Rare Earths meets Deep Sea Mining

2 August 2012
Natalie Lowrey, Communications Coordinator
http://deepseaminingoutofourdepth.org

The rush to mine our oceans

The first experimental deep sea mining project in the world to get the green light has been given to Canadian-owned Nautilus Minerals with it’s Solwara 1 project in Papua New Guinea.

A coalition of groups in the Pacific are calling to stop experimental seabed mining. The key factors for not wanting this ‘frontier’ industry to go ahead include a flawed EIS; little adherence to the Precautionary Principle by Nautilus, governments and leading Pacific institutions like SOPAC; and a lack of free, prior and informed consent in regards to local communities that are socially, culturally and economically tied to the ocean.

The Deep Sea Mining campaign has put out a report highlighting the risks of deep sea mining, especially the threats to the unique ecology of hydrothermal vents and the general uncertainty surrounding potential impacts. The report has gained attention in both the New York Times and The Guardian.

The Solwara 1 project is currently stalled due to a dispute between the PNG government and Nautilus and a lack of finances.

Mining our oceans for rare earths

In the past month Japan has discovered up to 7 million tonnes of rare earths in Pacific seabeds near one of their eastern islands. This recent discovery has got industry excited hoping that digging up deep seabeds for rare earths can break China’s monopoly.

Rare Earths is not alone in controversy, the largest environment issue in Malaysian history is centred around the processing of these minerals. Like deep sea mining there is an element of experimentation that is at play and very little precaution considering radioactivity is a major by-product of processing. China closed of it’s exports to the world citing environmental devastation.

For the past 18 months citizens from all walks of life in Malaysia have walked the streets, dominated the media and taken to the courts to stop Australian rare earth miner Lynas Corporation from developing the world’s largest rare earth processing plant in Kuantan. In light of a New York Times article Kuantan residents were awakened to the fact that their government had given the green-light to a project against their consent – an all too familiar a story.

The Lynas Advanced Materials Plant is touted as the largest rare earth refinery, the LAMP will use 720 tons of concentrated Hydrochloride Acid (sulphuric acid) per day and leave behind 28,000 tonnes of solid waste per year, enough to fill 126 olympic size swimming pools. A by-product of this waste is radioactive Thorium (Th) which is dangerous to human health.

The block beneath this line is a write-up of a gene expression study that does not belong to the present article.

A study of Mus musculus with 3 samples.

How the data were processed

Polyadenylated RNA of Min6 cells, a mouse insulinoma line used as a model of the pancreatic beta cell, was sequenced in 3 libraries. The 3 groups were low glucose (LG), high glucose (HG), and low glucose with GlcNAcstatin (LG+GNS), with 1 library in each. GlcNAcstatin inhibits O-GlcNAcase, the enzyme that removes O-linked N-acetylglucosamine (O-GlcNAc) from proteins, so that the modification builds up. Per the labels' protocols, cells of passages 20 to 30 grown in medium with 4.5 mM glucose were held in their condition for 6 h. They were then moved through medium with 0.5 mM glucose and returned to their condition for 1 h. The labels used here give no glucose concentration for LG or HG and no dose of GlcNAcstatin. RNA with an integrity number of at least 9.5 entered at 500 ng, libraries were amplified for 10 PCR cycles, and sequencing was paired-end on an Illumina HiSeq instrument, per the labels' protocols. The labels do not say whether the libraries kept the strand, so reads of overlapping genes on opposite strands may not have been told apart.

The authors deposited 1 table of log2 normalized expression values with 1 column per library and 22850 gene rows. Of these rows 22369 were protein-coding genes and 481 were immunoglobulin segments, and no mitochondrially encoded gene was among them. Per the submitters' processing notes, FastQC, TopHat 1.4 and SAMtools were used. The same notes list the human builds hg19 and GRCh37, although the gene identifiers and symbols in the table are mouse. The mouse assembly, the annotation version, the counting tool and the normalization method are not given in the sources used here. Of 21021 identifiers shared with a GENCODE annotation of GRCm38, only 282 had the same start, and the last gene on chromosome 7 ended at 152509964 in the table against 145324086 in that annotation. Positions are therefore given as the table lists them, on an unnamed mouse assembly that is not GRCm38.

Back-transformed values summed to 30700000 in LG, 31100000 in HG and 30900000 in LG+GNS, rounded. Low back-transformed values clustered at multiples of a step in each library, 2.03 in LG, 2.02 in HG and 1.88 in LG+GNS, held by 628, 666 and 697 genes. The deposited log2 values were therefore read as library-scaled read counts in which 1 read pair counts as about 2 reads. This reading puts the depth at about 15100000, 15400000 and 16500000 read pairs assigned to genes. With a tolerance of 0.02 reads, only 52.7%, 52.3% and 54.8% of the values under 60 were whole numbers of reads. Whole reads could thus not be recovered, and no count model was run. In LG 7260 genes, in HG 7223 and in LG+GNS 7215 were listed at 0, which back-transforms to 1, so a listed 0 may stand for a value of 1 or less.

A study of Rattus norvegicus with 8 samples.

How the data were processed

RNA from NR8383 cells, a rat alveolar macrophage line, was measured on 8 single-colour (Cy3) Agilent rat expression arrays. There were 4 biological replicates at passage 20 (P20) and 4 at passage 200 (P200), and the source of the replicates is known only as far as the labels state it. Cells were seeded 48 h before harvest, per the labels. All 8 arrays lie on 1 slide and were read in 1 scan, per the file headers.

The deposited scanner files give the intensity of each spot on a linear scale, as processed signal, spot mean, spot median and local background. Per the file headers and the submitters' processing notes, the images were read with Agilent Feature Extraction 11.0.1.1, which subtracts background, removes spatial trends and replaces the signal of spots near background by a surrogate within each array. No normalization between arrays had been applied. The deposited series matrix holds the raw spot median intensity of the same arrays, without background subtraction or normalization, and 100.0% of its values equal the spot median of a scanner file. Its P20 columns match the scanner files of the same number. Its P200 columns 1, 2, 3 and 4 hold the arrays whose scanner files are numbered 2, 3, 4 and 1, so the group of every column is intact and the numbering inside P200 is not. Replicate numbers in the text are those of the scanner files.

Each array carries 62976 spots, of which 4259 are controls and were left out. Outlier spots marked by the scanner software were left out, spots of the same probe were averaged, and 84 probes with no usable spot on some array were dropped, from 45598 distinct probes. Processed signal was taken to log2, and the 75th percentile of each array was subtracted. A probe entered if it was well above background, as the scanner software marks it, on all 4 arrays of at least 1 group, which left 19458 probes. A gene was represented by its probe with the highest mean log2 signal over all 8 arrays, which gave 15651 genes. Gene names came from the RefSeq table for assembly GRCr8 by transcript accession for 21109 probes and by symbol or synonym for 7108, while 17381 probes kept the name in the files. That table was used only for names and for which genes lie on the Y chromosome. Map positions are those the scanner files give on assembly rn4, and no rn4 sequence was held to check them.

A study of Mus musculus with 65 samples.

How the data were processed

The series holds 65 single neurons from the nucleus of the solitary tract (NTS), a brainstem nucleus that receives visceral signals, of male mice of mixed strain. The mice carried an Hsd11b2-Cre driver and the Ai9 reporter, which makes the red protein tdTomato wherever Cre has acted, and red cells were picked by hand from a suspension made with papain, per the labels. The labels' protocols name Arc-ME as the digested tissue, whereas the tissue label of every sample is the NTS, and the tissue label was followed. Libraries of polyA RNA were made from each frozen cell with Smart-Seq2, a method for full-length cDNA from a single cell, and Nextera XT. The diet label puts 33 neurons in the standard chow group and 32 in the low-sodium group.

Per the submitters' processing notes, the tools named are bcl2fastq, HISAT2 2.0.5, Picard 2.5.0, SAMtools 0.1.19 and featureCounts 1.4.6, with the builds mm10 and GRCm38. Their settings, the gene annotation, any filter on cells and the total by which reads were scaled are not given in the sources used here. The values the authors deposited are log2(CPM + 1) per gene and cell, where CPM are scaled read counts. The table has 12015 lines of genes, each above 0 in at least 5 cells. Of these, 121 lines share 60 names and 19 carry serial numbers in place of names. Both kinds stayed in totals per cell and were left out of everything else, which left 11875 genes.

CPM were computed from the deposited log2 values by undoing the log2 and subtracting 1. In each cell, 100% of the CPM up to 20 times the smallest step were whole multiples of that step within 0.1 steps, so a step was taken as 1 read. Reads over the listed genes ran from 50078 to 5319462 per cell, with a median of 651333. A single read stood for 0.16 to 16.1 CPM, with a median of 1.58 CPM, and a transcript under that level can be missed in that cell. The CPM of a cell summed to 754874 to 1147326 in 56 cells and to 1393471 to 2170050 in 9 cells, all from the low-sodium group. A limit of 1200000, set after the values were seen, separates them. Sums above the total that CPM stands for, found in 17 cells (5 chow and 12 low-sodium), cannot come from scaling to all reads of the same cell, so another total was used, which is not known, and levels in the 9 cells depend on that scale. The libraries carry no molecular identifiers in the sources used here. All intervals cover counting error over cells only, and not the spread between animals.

To top off these dangerous industries being pushed by corporations and governments at the expense of people and the environment, China has announced recently that it wants to set up in the Western Pacific, a nuclear-powered mobiledeep-sea station. Although it is not marked to be developed until 2030, they are looking at a prototype set to launch by 2015.

The question remains as to why there is very little being done to consider the reduction, reuse and recycling of our vast consumption of the worlds minerals. Rare earths has pushed some industry to consider recycling but this is still being done in a very small scale, no where near what is needed.

Human endeavour has built sky-scrapers, sent humans into space, created mega-mines and now the possibility of digging up our deep seabeds, so why aren’t we able to revolutionise our recycling? The answer is simply profits. And as corporations and governments continue to push for profits at all costs by digging up our lands and seabeds communities are left with the legacy of environmental damage, social upheaval and cultural desecration.

We already know the devastating impacts of processing rare earth’s, yet industry and governments continue to push ahead. We know more about the surface of the moon than we do about the surface of our deep seabeds, yet industry and governments continue to push ahead. As they push harder undeniably the opposition by civil society with continue to push harder back, not just in Malaysia and the Pacific but globally.